Iraq: Now Or Never
September 27, 2005 - 4:28pm ET
Prince Saud's comments are deeply disturbing. First, the prince decided to make these statements to the press in Washington. That means the normal channels into the White House are deaf—to the Saudis. Second, what the prince says should make the hairs on all our necks stand on end. If "other countries in the region" start taking sides in Iraq, more than 20 percent of the world's oil production will be threatened and we'll be longing for the days $3.00 regular unleaded. Our economy will grind to a halt.
How could such a scenario play out? The International Crisis Group's report, posted yesterday, answers this question bluntly: "If the U.S. fails to pick up the baton, Iraq may face a scenario in which the constitution is adopted on 15 October and a government is elected by 15 December that will lack a strong political compact underpinning its legitimacy. In that case, the country's feared descent into civil war and disintegration, with mass expulsions in areas of mixed population (including Baghdad, Basra, Mosul and Kirkuk), could well become a reality."
Today in TomPaine.com, Robert Dreyfuss brings another layer of the story into focus. Instead of engaging in crisis negotiations with the representatives of the Sunni community, the United States is attacking Sunni cities using the Iraqi Shi'a and Kurdish militiamen that comprise the less-than-capable Iraqi National Army. In addition, the leadership of the Sunni political opposition is being targeted by bombers loyal to the ruling Shi'ite political parties.
Not only is the status quo on a trajectory for disintegration of Iraq, U.S. policy is actively creating an environment in which future Sunni political participation is increasingly impossible.
America is now at a crossroads. Our policy is driven by ideologues who are blind to the empirical evidence that their ideology, especially in Iraq, has failed. Now they are prepared to take the ultimate risk, to "stay the course" when that course has little, if any chance of success. Disintegration of Iraq, as the Saudi foreign minister said, will severely damage the U.S. economy at a time when our economy needs only one more shock to send it spiraling. To be sure, such a policy, by so clearly embracing complete failure, throws away the lives of all those Americans who have fought in Iraq and endangers the lives of millions more at home and around the world.
The Democratic party has so far been unable to unite behind a single policy on Iraq. Today that can change—and it must change. Today, Democrats can unite behind a policy that is simple and urgent. That's because between now and October 15, the great stumbling block to Democratic unity—the disposition of American forces—becomes a moot point. "Out Now" is irrelevant in such a timeframe, while those who want to finish the job we started in Iraq know that it cannot be done in the midst of a real civil war.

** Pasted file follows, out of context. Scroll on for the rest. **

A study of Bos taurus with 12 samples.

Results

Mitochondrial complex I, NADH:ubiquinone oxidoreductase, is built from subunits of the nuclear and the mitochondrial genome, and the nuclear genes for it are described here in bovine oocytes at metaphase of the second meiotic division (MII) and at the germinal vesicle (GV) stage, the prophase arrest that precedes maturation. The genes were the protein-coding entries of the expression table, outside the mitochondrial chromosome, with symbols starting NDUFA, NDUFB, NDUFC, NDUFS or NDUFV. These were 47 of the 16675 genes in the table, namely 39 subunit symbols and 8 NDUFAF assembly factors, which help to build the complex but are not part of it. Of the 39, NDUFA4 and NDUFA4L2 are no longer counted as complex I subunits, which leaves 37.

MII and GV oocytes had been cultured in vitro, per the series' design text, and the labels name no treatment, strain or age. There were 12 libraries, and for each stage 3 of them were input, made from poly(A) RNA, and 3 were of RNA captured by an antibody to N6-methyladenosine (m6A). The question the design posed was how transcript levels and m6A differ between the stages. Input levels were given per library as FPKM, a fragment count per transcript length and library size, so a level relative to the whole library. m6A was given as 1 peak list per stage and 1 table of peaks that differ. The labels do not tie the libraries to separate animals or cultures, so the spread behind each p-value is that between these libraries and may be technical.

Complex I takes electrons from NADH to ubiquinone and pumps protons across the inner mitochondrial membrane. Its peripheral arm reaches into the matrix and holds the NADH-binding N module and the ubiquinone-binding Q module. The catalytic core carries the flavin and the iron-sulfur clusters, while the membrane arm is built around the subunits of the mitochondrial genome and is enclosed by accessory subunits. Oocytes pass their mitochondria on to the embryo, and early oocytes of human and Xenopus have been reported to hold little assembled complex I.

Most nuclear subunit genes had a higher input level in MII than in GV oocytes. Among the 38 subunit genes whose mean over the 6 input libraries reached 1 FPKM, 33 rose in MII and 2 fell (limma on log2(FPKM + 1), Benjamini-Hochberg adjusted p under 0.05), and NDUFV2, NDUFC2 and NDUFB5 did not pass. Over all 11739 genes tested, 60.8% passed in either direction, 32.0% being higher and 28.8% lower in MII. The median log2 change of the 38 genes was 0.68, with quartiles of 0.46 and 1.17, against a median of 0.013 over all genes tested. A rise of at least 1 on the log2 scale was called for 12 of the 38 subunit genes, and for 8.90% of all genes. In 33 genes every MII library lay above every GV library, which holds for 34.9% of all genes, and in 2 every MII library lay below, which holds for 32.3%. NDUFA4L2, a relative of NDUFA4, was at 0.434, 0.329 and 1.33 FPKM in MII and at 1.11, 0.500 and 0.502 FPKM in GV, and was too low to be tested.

Operation Last Chance
The policy that emerges—let's call it Operation Last Chance—must have three elements: a cessation of major assaults on Sunni cities and towns, the guaranteed protection of Sunni political representatives and the immediate establishment of all-party negotiations.
First, the United States must stop offensive combat operations. A unilateral moratorium on major military actions on the part of the United States is essential to show the bona fides of the United States and give the embattled Sunni population a chance to reconnect and debate the constitution. This is not to say that the United States should merely hunker down in its bases, but rather that U.S. forces should begin to plan the inevitable shift from a combat footing to a constabulary footing that will come if diplomatic negotiations are successful.
Second, the United States must ensure the security of Sunni opposition politicians. This would involve securing their families, providing secure travel to and from negotiations, and securing the site of the negotiations. This will not be easy and it may cost American lives to achieve. But the alternative—civil war—will mean more American lives lost as we retreat, defeated in Iraq.
Finally, the United States must immediately launch all-party negotiations. The International Crisis Group explains the aim of the negotiations best: "With the referendum only three weeks away, an agreement will have to come, if at all, in the form of a political deal between representatives of the three key communities, brokered by the U.S., and concluded before 15 October. This could be achieved through a public commitment by all principal parties, guaranteed by Washington, that necessary steps will be taken through either legislation or constitutional amendment after the parliamentary elections to address certain specified Sunni Arab concerns." ICG goes on about the details of just such a deal, here .
But while the United States must initiate and support that process, America cannot remain the sole broker of the accord. Rather, it is time to take King Abdullah of Jordan up on his request to facilitate and call on the United Nations to support the process going forward.
Now Or Never
Democrats must come together at this moment. The American people are overwhelmingly behind a new approach to Iraq and, by sidelining the issue of withdrawal for now, that majority will back politicians up. We cannot afford to waste any more time—or precious American and Iraqi lives.